RM1t exports achievable with palm oil, LNG shipments

With some lingering adverse reactions of the trade war, consumables like palm oil and LNG will mitigate the impact, at least for the rest of the year, says analyst

by DASHVEENJIT KAUR / pic by MUHD AMIN NAHARUL

PALM oil and liquefied natural gas (LNG) shipments are expected to be the prime movers that will enable the country’s exports to reach the RM1 trillion target that has been set by the Ministry of International Trade and Industry.

MIDF Amanah Investment Bank Bhd head of research Mohd Redza Abdul Rahman said the feat is doable based on the domestic exports data, mainly from the agriculture sector, especially palm oil, and the oil and gas (O&G) sector.

He said since both are high value-added sectors to the country’s economy, the target of achieving RM1 trillion in overall exports is attainable.

“Additionally, the headline monthly export numbers have recovered back to above RM80 billion since the decline to RM67 billion back in February 2019,” he told The Malaysian Reserve recently.

Despite the weakening palm oil prices, Mohd Redza said the rise in shipment volume has provided a higher export number.

On a year-on-year (YoY) basis, exports increased 2.5% to RM84.1 billion, while domestic exports recorded an increase of 8.8% or RM5.8 billion to RM71.6 billion.

The main products which attributed to the expansion were palm oil and palm oil-based products (7.4% of total exports), which grew RM437.8 million (+7.6%) to RM6.2 billion.

Exports of palm oil — the major commodity in this group of products — increased RM663.6 million or 20.8% YoY due to the increase in export volume (+44%) as average unit value decreased 16.1%.

Palm oil and palm oil-based products also grew RM1 billion or 19.8% from RM5.2 billion on a month-onmonth (MoM) basis.

Exports of palm oil increased RM776.2 million or 25.3% due to the increase in export volume (+27.5%) as average unit value decreased 1.7%.

“Sales of palm oil and its products skyrocketed after 16 months being in the negative territory. This was mainly due to higher sales to India — Malaysia’s biggest palm oil buyer — which rose rapidly by 305.8% YoY, despite the US$5 (RM20.60) per tonne increase in base import price of crude palm oil,” Mohd Redza said.

He added that Malaysia will continue to benefit from the preferential tariff agreement with India compared to other Asean exporting countries including Indonesia, on top of the memorandum of understanding signed between Malaysia and China to buy additional 1.9 million tonnes of palm oil in the span of five years (2019-2023).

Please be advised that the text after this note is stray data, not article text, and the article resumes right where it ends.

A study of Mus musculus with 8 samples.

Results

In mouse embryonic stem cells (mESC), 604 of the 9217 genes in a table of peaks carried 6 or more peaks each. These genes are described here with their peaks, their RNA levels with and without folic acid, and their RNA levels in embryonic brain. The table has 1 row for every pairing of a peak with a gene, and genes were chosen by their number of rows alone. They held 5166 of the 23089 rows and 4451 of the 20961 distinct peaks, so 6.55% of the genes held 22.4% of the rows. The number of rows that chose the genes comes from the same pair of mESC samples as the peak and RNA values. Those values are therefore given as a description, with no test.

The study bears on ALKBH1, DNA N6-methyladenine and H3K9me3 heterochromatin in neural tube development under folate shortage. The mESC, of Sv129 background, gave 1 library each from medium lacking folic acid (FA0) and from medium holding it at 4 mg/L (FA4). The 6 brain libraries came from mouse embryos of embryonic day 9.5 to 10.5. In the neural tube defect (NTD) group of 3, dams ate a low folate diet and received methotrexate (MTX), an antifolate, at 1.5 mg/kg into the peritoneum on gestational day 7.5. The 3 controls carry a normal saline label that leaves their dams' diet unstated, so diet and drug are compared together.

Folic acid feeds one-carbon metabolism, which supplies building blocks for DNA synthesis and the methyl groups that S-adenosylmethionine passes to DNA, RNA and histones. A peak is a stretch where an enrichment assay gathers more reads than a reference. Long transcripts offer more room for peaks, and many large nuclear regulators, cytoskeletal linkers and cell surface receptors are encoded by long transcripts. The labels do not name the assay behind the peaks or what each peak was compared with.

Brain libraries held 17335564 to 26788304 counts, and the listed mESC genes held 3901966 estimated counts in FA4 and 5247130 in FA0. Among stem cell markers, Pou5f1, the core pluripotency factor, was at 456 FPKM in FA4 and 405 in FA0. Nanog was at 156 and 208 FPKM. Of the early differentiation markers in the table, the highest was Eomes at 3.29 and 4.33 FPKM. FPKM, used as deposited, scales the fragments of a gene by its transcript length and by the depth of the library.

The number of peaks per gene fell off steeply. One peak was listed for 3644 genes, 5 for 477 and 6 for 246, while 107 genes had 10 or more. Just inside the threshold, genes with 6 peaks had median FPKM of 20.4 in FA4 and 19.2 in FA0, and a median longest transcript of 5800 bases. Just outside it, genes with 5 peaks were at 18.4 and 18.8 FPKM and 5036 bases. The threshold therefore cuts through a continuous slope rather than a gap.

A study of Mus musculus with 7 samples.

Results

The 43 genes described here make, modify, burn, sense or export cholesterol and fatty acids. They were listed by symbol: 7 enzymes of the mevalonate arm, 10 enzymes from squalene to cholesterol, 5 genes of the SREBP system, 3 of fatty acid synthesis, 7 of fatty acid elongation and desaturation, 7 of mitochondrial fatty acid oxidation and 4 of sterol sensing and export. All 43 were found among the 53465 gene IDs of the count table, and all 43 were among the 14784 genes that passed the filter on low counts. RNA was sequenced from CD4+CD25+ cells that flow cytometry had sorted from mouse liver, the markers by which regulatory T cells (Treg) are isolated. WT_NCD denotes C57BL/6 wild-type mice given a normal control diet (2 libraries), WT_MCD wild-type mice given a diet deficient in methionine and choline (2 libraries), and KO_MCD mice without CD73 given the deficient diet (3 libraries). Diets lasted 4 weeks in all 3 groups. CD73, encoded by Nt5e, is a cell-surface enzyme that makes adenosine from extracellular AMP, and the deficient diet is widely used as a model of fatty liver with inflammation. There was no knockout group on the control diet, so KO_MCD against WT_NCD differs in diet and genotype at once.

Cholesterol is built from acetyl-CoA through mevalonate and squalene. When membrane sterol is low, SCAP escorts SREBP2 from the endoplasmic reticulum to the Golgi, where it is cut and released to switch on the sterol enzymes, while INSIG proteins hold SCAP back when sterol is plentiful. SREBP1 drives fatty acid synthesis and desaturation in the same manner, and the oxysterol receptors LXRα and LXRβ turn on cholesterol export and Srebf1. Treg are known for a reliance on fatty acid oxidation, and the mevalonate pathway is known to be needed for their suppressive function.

As for the O&G sector, Mohd Redza said a recovery in LNG shipment is anticipated, which in turn would strengthen the country’s export numbers.

LNG, which accounted for 3.5% of total exports, decreased RM162.7 million or 5.2% YoY to RM3 billion due to the decrease in export volume (-6.4%) as average unit value increased 1.3%.

On a MoM basis, LNG decreased RM630.4 million or 17.5% from RM3.6 billion due to decreases in both export volume (-14.2%) and average unit value (-3.9%).

Mohd Redza said domestic exports have been recording a high single-digit growth, despite moderating from a double-digit growth of 11.9% YoY in the prior month.

“Nevertheless, the six consecutive months of positive growth indicates a good momentum for this year and provides brighter outlook for GDP growth in the second quarter of 2019 (2Q19) as domestic exports involve high value-added activities.

“So with some lingering adverse reactions of the trade war, consumables like palm oil and LNG will mitigate the impact, at least for the rest of the year,” he said.

Mohd Redza said there are so many external factors to look at such as changes on monetary policies (a few countries including the US might do rate cuts) and progress of trade negotiations, which will impact demand and supply of the country’s products for exports.

On trade between the US and China, exports to the former grew higher, while the latter recover marginally.

Malaysia’s exports to the US (9.3% share) expanded by a double-digit growth of 11.7% YoY, after a rebound of 3.1% YoY in the preceding month.

Meanwhile, exports to China (13.4% share) continued to register negative growth, but at a slower rate of -2.2% YoY (April 19: -6.9% YoY).

Regionally, exports to Asean (29.4% share) grew 4.7% YoY, but eased from 7.2% growth in April 2019.